The Mediterranean diet as a cure for coronavirus?
In March, news began circulating on the Internet that the Mediterranean diet was a "miracle cure" against coronaviruses. Several portals reported this, quoting Spanish physician Jose Manuel Fernandes Garcia, who said that "this diet will help the body cope with coronavirus infection" and that "more fruits, vegetables, green stuff, whole grains, cereals and unrefined products should be added to the diet”.
UNICEF’s young reporters decided to check this information out and found that this news was reported by the portal “Volim Podgoricu” (I Love Podgorica), “Krstarica”, “Ljepota i zdravlje” (Beauty & Health), as shown in the photos below.
Investigating the source of this information, we see that Jose Manuel Fernandes Garcia, a nutrition specialist from the Spanish Association of General Practitioners and Family Medicine Doctors, spoke to the Spanish media on this topic.
However, we decided to contact the Public Health Institute of Montenegro and ask them whether it was true that the Mediterranean diet (more fruits, vegetables and greens) would help the body cope with coronavirus infection, as reported by some online media quoting the Spanish medical doctor Jose Manuel Fernandes Garcia.
"Food has no specific effect on reducing the risk of disease. The best proof of this is the fact that the Mediterranean countries Italy and Spain are the most affected. The Mediterranean diet is part of healthy habits and healthy lifestyles, and as such, combined with a proper rhythm of life – regular sleep and reducing stress (as much as possible in this situation) can contribute to a better functioning of the immune system, although there is no clear scientific evidence for this." reads the response provided by the PHI to UNICEF's young reporters.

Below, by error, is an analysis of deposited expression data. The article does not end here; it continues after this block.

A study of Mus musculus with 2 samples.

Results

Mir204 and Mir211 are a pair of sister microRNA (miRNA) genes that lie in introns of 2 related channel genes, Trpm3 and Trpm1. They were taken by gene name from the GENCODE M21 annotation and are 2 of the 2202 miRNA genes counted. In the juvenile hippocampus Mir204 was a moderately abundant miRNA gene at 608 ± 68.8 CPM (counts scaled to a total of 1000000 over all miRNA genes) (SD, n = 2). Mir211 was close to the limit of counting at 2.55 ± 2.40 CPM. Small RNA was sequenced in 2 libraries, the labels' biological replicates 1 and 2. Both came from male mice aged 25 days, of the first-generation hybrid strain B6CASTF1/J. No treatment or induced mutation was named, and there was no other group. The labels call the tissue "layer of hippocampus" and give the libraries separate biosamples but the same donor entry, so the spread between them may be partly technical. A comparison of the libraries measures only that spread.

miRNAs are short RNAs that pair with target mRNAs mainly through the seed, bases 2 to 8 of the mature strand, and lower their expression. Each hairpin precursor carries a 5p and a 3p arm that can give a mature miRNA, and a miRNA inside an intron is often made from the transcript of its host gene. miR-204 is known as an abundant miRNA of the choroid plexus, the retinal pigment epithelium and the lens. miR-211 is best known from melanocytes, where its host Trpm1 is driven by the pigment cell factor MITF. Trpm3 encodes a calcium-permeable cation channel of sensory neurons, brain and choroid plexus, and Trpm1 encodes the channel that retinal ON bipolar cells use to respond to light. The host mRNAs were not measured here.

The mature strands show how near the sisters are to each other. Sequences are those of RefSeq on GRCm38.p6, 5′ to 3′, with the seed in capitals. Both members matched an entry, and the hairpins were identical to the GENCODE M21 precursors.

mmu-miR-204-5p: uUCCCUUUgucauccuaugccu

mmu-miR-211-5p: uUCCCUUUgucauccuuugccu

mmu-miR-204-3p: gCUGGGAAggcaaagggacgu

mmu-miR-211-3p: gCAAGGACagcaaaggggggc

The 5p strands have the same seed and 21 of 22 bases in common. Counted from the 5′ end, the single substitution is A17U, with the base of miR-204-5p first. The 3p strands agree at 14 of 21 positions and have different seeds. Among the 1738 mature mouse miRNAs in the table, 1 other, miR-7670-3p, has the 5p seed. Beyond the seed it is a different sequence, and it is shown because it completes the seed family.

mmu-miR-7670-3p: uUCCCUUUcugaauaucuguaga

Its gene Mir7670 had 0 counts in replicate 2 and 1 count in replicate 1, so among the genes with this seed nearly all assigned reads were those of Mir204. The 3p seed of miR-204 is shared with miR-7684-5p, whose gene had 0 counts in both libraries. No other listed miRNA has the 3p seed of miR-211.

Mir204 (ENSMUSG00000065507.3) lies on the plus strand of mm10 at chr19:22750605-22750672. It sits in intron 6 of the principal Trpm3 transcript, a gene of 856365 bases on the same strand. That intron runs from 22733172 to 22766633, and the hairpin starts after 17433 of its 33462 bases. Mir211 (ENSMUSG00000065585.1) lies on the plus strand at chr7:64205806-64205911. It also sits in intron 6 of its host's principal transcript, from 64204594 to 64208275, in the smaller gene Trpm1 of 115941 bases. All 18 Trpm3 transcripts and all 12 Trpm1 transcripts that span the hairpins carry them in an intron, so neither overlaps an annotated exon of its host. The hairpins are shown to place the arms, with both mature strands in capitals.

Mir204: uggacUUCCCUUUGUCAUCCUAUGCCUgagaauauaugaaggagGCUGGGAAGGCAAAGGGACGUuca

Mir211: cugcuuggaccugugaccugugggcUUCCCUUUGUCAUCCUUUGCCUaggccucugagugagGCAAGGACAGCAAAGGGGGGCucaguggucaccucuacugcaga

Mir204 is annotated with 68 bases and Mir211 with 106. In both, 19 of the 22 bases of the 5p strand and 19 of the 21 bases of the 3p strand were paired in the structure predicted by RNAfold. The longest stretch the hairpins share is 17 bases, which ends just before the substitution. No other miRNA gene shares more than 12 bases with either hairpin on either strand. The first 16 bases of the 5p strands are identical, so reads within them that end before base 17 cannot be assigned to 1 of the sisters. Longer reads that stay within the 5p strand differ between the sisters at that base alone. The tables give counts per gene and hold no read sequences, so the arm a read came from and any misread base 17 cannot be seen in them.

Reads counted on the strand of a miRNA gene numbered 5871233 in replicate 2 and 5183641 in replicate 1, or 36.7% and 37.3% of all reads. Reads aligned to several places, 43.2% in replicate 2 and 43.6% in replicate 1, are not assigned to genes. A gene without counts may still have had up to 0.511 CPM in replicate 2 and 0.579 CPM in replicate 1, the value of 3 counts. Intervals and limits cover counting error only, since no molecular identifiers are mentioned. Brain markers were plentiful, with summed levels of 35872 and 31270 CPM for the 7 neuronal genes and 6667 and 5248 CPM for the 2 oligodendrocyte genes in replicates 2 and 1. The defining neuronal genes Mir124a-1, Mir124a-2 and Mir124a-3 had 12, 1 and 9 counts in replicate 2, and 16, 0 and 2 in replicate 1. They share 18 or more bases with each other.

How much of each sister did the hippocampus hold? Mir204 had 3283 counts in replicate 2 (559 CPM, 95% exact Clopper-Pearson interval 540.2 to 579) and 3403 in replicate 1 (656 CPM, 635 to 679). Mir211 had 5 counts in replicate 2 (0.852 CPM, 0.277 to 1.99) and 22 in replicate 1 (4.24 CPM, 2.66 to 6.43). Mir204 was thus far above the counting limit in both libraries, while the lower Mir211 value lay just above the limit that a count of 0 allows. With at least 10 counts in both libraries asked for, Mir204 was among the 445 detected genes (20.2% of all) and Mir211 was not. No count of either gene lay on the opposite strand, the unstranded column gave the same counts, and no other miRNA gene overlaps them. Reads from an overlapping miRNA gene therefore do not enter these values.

We also visited the World Health Organization’s website and found an article about this diet, which reads that the diet has a protective effect on cardiovascular diseases, as well as two types of diabetes.
From our research, we learned that this diet could have a positive effect on our health, and yet it served as no protection against coronavirus, so we came to the conclusion that this news was not true.
In an effort to contribute to preventing the dissemination of coronavirus misinformation and to promoting credible sources of information, UNICEF's young reporters have decided to check the accuracy of information published on social media and in the media that has attracted public attention. In verifying the accuracy of information, they have followed the example of the Public Disclosure Platform and partly used its publicly available methodology.